By Max Porter, Contributing News Editor • February 26, 2024

Metro to increase train frequency, decrease wait times

File Photo by Raphael Kellner | Photographer
The University’s enrollment in U-Pass will let students explore the D.C. area for the $100-per-semester rate.

Washington Metropolitan Area Transit Authority officials announced trains will begin running more frequently starting Feb. 7, decreasing rider wait times.

The Blue, Orange and Blue+ lines’ wait times will decrease by three minutes, dropping to 12-minute intervals between trains from 6 to 9 a.m. and 3 to 6 p.m. Tuesday through Thursday. Starting Feb. 21, Red line trains will depart every eight minutes between 6 a.m. to 9 p.m. Tuesday through Thursday, a two-minute drop from the current wait time.

WMATA officials also announced in a Tweet Thursday that riders can expect increased train frequency on the Blue line stretch from Rosslyn to Stadium-Armory stations, down from a seven-minute wait between trains to a train every three and a half minutes.

Wait times for the Green and Silver lines will remain unchanged at eight and 15 minutes between trains, respectively, the release states.

“Future improvements to rail frequency will be announced in the coming months, as Metro gradually adds back service to meet growing ridership,” the release states.

The trains’ increased frequency comes as part of WMATA officials’ plan to increase 7000-series rail car service after a Blue line derailment outside of the Rosslyn station in October 2021. WMATA officials periodically introduced some 7000-series railcars in June and September, and officials fully restored service for the railcars in November following the Washington Metrorail Safety Commission’s approval of Metro’s revised safety plan for their 7000-series cars.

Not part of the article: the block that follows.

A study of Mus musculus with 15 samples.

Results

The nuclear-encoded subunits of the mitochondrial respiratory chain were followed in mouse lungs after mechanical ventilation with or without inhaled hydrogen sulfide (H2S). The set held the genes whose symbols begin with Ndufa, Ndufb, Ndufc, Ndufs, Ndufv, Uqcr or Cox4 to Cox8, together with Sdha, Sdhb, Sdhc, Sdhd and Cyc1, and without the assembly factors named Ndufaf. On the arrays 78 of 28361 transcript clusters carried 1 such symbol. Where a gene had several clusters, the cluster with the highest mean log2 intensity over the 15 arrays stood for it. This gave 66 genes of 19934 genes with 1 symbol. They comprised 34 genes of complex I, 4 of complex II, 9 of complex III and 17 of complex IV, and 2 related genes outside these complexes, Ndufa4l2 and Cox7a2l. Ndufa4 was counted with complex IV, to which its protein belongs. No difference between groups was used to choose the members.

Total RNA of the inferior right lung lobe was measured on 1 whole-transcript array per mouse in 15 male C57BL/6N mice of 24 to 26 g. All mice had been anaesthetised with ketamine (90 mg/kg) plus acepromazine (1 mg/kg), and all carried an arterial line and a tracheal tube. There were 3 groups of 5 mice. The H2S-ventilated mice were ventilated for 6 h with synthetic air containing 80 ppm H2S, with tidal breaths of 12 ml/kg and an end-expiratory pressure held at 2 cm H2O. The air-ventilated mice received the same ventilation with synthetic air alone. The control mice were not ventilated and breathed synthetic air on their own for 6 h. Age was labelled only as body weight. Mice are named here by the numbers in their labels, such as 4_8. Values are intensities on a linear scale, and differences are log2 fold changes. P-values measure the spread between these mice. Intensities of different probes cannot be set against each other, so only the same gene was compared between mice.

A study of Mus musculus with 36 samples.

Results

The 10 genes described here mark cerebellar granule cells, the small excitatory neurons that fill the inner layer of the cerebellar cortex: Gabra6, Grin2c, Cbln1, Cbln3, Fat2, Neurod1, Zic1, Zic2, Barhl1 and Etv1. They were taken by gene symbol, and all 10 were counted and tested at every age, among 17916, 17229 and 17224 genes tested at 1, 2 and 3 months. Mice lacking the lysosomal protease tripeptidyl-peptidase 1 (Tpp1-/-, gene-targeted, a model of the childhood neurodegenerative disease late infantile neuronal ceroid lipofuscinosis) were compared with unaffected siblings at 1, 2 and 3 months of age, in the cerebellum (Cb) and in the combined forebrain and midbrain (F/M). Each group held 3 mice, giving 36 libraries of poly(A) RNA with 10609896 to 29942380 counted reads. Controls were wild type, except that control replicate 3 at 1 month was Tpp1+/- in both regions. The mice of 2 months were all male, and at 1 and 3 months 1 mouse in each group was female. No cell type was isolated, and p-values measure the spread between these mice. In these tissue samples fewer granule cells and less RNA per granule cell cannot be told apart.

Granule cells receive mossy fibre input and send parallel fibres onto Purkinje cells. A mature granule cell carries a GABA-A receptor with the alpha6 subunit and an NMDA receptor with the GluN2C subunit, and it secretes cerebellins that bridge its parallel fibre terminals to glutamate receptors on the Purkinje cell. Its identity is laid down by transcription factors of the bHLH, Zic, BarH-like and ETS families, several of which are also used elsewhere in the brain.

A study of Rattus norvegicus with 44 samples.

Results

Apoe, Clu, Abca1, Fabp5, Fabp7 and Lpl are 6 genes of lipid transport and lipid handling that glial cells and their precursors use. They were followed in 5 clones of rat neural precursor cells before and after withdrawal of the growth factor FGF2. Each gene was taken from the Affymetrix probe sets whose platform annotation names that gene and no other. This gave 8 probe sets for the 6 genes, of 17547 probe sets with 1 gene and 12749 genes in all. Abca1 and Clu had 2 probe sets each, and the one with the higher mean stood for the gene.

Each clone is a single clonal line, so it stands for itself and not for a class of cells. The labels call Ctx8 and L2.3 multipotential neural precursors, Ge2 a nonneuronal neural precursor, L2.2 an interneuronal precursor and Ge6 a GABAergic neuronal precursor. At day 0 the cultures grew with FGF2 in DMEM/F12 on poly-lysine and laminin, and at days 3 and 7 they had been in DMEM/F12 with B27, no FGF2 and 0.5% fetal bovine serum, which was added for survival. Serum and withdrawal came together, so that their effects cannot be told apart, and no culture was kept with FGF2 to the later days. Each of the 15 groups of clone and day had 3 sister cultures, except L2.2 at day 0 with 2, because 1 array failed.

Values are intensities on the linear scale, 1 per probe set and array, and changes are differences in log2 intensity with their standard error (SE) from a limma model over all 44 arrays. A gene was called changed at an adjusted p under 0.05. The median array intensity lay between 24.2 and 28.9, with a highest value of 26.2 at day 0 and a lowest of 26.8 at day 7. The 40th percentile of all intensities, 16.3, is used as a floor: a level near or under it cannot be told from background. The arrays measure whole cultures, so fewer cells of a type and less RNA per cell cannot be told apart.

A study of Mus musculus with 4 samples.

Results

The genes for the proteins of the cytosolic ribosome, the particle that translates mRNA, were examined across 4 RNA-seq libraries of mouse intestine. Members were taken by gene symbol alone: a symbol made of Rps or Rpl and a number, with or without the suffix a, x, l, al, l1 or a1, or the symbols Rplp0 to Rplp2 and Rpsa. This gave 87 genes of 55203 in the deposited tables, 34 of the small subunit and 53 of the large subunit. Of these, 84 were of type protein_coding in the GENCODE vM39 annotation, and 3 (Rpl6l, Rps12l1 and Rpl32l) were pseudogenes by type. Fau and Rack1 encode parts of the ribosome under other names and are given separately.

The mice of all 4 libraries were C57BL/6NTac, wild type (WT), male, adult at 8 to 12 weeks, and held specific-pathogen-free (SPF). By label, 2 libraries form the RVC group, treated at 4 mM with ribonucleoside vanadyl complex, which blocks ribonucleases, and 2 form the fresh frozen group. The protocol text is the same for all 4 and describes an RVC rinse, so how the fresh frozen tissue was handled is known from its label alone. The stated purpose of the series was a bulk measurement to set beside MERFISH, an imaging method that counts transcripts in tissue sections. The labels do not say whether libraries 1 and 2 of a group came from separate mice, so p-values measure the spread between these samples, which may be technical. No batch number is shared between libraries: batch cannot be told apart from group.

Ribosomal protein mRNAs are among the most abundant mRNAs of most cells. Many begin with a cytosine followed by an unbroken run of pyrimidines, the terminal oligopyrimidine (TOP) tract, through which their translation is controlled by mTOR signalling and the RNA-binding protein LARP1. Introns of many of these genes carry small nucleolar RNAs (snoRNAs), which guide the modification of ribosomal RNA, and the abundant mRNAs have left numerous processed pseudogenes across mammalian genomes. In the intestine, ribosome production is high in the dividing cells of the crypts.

Last week, officials announced the WMSC approved WMATA’s transition to Phase 3 of its Return to Service Plan, which decreases the frequency of 7000-series inspections and allows Metro to use low-press tonnage axles on its cars after WMATA reported some axles failing their evaluation of railcar safety. Prior to the announcement last week, WMATA petitioned WSMC’s directives which sidelined 50 railcar operators and stalled return plans, WSMC approved the petition and avoided potential delays.

“Our ability to move from a 4 to 7-day inspection interval will gradually allow us to train staff with this improved process and work towards the safe implementation of improved service for our customers,” officials said in a Tweet.

Officials also said in the release that all Orange Line trains will have eight railcars to provide more capacity than the six-car trains they’re currently providing.

Randy Clarke, WMATA general manager and chief executive officer, said WMATA is “excited” to see these changes where travelers “most need them.”

“By making trains more frequent and increasing capacity with more 8-car trains, we are reducing crowding and making service more convenient,” Clarke said in the release.

The release states railcar availability is half of the “equation” to more service, citing the shortage of Metro employees. Officials said employee vacancies are down to 1,400 from last summer’s 1,900 vacancies, but Metro is looking to recruit more employees with hiring bonuses and “competitive” wages and benefits offerings.

“Our veteran and growing workforce has demonstrated our deep commitment to safety as we work continuously to bring the Metrorail system back to full strength,” Clarke said.

Cade McAllister, Events Editor
Cade McAllister is a sophomore double majoring in international affairs and political science from San Diego, California.  He is The Hatchet's 2023-2024 events editor.